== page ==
Food & dining

Q&A

Q&A with Margaret and Andrew Li, authors of ‘Double Awesome Chinese Food’

Andrew, Irene, and Margaret Li
Michael Piazza
Andrew, Irene, and Margaret Li

The food created by siblings Andrew, Irene, and Margaret Li reflects their very personal culinary passions. Growing up in a Chinese-American family in Brookline, hand-folded dumplings and Fruit Roll-Ups were among their childhood favorites. Since opening their food truck Mei Mei Street Kitchen in 2012 and their Audubon Circle restaurant a year later, the trio’s unique take on Chinese techniques and New England ingredients has developed a loyal following.

More than 100 of their favorite dishes can be found in the new cookbook “Double Awesome Chinese Food: Irresistible and Totally Achievable Recipes from our Chinese-American Kitchen.” The book is named for one of Mei Mei’s most beloved menu items, the Double Awesome. The scallion pancake, egg, Vermont cheddar cheese, and pesto sandwich was created and named on a whim when Margaret (known by her family as Mei) was cooking breakfast for herself on the food truck. The name stuck and the dish stayed on the menu.

Margaret and Andrew Li spoke about the book by phone. Margaret, who lives in North Carolina, was the primary writer on the book. She added to the Li family with the birth of her second child five days before the interview. “The question was really which one would come first, the book baby or the actual baby,” Margaret says.



Andrew: One of my most favorite things is talking to people about their family gatherings, and that one family member’s specific dish that they’re always looking forward to and craving all year long. It’s like grandma’s mashed potatoes, or Uncle Ed’s turducken. Those stories, they really get me, and you can almost feel the electricity when people sit down and they’re talking about being with their family. It’s really something that hits home for all of us.

Q. Is there a food from your childhood that you crave in that way?

Margaret: One of the dishes that we actually write about in the book that really reminds me of family is what we call Thanksgiving Rice Porridge, which is basically just porridge with turkey. But it combines so much of the holidays and all the family coming together. It’s really the simplest dish possible — rice and water, and then you toss turkey bones into it. But it becomes this magical dish, and the smell of it pervades the house at the holidays. It’s so simple, but then you can do anything you want to it.


Q. How do you think about balancing the influences of your Chinese and New England heritage with your food?

Margaret: That’s something that we think about a lot. Because we care about the food system and local farms, using local ingredients in our food has been a driver from the beginning. But it’s not necessarily traditional to Chinese food. The joke we have about our food is that all of us love cheese and put it on everything, including our scallion pancakes and fried rice. If we’re standing in a kitchen and there’s ginger and scallions and garlic, and then there’s also cheese and butter, if we think those things would taste good together there’s no, like, ‘Oh, that doesn’t belong there, and that’s not Chinese food.’ We’re all just kind of creative scavengers when it comes to making food for ourselves.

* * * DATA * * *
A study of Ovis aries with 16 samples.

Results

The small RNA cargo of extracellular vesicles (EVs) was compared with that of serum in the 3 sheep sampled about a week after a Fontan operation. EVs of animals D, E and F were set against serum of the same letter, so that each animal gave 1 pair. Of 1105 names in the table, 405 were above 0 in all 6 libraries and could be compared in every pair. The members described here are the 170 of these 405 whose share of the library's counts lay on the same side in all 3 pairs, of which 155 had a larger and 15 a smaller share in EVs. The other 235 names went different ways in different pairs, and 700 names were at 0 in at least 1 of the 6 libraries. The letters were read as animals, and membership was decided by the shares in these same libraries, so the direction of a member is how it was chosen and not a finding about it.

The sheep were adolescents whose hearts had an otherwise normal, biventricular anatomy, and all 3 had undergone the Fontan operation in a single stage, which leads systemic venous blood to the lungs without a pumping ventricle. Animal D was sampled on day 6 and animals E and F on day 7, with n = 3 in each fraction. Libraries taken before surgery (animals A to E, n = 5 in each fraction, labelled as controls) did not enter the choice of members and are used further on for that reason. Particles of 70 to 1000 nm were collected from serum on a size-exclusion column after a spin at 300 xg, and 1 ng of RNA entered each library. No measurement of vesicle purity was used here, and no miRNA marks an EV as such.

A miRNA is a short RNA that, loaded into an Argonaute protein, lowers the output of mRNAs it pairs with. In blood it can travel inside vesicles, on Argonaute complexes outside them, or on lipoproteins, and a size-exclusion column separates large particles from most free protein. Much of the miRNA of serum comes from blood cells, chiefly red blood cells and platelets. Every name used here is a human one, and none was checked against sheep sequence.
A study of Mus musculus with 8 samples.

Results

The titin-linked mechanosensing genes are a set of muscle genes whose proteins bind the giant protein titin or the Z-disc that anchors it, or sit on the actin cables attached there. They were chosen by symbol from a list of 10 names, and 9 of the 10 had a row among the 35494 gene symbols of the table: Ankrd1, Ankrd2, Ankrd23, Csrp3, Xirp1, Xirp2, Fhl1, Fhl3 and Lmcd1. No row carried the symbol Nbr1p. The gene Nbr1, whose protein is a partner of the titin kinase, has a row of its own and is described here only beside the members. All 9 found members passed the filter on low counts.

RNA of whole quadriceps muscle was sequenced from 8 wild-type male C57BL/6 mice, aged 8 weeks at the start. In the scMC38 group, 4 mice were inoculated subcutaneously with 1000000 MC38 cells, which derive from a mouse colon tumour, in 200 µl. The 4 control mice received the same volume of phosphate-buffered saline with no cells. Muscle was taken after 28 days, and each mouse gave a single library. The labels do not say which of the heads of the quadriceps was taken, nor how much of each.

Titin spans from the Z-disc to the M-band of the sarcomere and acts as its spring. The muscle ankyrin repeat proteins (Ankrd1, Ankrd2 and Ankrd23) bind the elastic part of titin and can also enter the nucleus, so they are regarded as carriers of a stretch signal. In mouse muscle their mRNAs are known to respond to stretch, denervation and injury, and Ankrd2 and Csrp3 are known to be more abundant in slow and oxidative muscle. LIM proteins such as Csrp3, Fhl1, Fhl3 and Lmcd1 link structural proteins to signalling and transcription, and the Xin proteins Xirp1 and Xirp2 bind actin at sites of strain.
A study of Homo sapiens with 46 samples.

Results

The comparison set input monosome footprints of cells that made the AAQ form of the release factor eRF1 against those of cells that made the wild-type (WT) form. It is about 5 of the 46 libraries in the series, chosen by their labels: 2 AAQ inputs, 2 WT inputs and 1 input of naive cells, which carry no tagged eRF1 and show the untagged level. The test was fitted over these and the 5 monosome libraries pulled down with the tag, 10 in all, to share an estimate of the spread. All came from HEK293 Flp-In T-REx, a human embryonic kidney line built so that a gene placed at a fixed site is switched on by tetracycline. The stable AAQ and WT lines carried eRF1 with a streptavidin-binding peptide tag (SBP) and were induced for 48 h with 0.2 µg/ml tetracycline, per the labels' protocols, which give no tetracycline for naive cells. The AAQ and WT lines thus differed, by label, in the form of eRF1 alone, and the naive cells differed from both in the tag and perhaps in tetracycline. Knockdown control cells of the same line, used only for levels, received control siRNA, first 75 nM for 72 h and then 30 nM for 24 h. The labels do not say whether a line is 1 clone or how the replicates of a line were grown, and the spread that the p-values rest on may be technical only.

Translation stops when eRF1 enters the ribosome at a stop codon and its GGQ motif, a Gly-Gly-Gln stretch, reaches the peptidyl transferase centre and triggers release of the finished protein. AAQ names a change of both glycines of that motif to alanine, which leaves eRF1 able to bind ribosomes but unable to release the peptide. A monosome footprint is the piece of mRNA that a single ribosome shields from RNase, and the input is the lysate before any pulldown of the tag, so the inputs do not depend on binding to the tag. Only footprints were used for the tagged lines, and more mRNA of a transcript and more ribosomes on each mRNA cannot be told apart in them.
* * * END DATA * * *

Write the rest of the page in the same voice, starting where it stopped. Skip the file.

Q. As kids, could you have imagined working together in the food business?

Andrew: For me, that’s a resounding no.


‘The food that we cook is all really about sharing. It’s not meals for one. It’s things that we love to eat together, or things that we ate growing up.’

Andrew: None of us went to culinary school. I had no idea that my sisters were so passionate about food until I started reading the blog they had been writing for probably five years at that point. Margaret was doing some underground supper clubs and random restaurant stuff. Irene had been living on a farm for a little while at that point.

Margaret: Running the business from the beginning, from the food truck to the restaurant, and now with the cookbook, it’s always been a very collaborative sibling effort.

Q. What’s it like to work with your siblings every day?

Margaret: Despite the sometimes daily or hourly disagreements we would have, it is just so amazing that it has 100 percent brought us closer as a family. At the time I was living in London and Irene was in New York, it’s possible I might have stayed there if we hadn’t decided to open this business together. Whereas, now, we talk every day, and it makes me happy to be much closer as a family than we might otherwise have been.

Andrew: Everything that they say about working with your siblings is true. I wouldn’t have had it any other way. It’s a give and take, and a blessing and a curse, but my sisters are super talented. I’m really proud of them in every way.

Michael Floreak can be reached at michaelfloreak@gmail.com.